Facebook has exposed a curious battle for influence in Africa, with former colonial power France and former superpower Russia using fake accounts to engage, criticise and even befriend each other online.
The US tech firm said on Tuesday it had closed down two Russian-linked networks of accounts and a third with “links to individuals associated with French military” for breaking its policy against foreign or government interference.
While information warfare is nothing new, Facebook was still surprised to see two countries fighting head-on in a third region.
France, the former colonial power in large parts of Africa, has thousands of troops deployed in the region to fight jihadists.
Russia has also stepped up its bid for sway in recent years with observers accusing it of using a notorious mercenary group called Wagner to fight in countries including Libya.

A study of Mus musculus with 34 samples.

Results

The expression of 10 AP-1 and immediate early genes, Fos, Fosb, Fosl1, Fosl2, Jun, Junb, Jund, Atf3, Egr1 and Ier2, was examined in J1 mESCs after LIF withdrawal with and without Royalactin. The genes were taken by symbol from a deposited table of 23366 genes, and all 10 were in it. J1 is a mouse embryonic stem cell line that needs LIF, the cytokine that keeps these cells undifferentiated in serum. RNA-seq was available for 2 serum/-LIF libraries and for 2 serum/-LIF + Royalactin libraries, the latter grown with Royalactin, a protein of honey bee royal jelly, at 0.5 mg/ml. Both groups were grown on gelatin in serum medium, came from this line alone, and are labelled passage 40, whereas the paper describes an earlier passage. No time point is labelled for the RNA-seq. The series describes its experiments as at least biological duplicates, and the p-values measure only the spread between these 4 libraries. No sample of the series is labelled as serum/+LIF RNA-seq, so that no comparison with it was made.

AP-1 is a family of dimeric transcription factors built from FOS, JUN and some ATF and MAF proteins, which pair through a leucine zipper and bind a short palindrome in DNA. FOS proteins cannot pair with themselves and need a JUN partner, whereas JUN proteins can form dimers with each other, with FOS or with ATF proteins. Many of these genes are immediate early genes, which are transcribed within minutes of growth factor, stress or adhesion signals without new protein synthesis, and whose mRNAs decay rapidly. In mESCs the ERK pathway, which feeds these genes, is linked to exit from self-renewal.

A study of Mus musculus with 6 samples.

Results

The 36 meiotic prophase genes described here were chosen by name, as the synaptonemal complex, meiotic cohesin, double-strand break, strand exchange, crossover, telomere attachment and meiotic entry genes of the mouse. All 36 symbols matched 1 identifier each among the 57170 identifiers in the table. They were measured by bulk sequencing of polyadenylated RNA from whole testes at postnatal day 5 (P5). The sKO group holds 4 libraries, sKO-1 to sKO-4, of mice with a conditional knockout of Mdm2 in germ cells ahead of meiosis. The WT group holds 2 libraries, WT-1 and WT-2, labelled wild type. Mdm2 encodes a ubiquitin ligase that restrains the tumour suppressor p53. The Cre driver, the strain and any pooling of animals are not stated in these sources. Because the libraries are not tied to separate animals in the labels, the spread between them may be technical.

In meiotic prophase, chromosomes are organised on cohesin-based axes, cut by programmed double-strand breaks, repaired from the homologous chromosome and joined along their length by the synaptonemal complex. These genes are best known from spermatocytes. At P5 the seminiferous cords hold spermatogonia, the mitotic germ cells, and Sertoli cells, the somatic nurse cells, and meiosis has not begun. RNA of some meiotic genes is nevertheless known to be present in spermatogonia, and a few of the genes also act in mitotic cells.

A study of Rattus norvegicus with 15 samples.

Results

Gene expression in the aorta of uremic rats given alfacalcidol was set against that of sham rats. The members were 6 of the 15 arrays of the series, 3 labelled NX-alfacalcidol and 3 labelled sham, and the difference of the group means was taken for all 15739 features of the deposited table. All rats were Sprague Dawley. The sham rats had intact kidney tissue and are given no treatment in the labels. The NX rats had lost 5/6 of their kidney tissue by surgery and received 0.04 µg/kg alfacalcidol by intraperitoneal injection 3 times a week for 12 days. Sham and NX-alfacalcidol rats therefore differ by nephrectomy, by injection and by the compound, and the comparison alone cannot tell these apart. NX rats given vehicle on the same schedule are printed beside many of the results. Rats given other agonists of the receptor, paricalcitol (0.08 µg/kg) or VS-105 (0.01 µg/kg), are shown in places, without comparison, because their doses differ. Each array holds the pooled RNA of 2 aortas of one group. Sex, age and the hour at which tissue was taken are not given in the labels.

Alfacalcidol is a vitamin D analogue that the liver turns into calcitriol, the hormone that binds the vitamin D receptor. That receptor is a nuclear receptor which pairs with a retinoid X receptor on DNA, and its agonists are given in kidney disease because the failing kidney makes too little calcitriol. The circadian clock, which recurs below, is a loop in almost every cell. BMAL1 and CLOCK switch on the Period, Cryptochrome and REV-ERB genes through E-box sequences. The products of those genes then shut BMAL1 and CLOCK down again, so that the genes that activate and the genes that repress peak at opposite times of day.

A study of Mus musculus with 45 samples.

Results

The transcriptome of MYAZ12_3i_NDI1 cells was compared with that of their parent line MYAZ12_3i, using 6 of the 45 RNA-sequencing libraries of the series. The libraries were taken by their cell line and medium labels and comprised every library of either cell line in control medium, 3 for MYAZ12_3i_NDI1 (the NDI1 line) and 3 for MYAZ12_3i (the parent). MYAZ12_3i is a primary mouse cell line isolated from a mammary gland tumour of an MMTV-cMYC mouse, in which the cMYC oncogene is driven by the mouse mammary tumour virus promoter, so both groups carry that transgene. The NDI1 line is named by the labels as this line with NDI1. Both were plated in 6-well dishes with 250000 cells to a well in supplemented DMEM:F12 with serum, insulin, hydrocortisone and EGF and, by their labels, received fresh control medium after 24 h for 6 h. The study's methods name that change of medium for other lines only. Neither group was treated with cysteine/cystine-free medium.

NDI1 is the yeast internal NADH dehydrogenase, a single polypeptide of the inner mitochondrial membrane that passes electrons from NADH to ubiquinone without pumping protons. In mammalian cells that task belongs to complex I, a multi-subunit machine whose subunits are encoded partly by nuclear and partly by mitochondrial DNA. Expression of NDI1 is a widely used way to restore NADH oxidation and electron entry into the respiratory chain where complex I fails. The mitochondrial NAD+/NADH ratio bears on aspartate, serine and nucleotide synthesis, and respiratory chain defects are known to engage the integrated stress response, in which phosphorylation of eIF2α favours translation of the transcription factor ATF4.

One of the networks shut down by Facebook was linked indirectly with shadowy Russian businessman Yevgeny Prigozhin, accused by the West of running troll factories and Wagner — allegations he denies.
“This was the first time our team found two campaigns — from France and Russia — actively engage with one another, including by befriending, commenting and criticizing the opposing side for being fake,” wrote Facebook’s Nathaniel Gleicher and David Agranovich in a blog.
The networks “used fake accounts as a central part of their operations to mislead people about who they are and what they are doing, and that was the basis for our action”, Facebook said.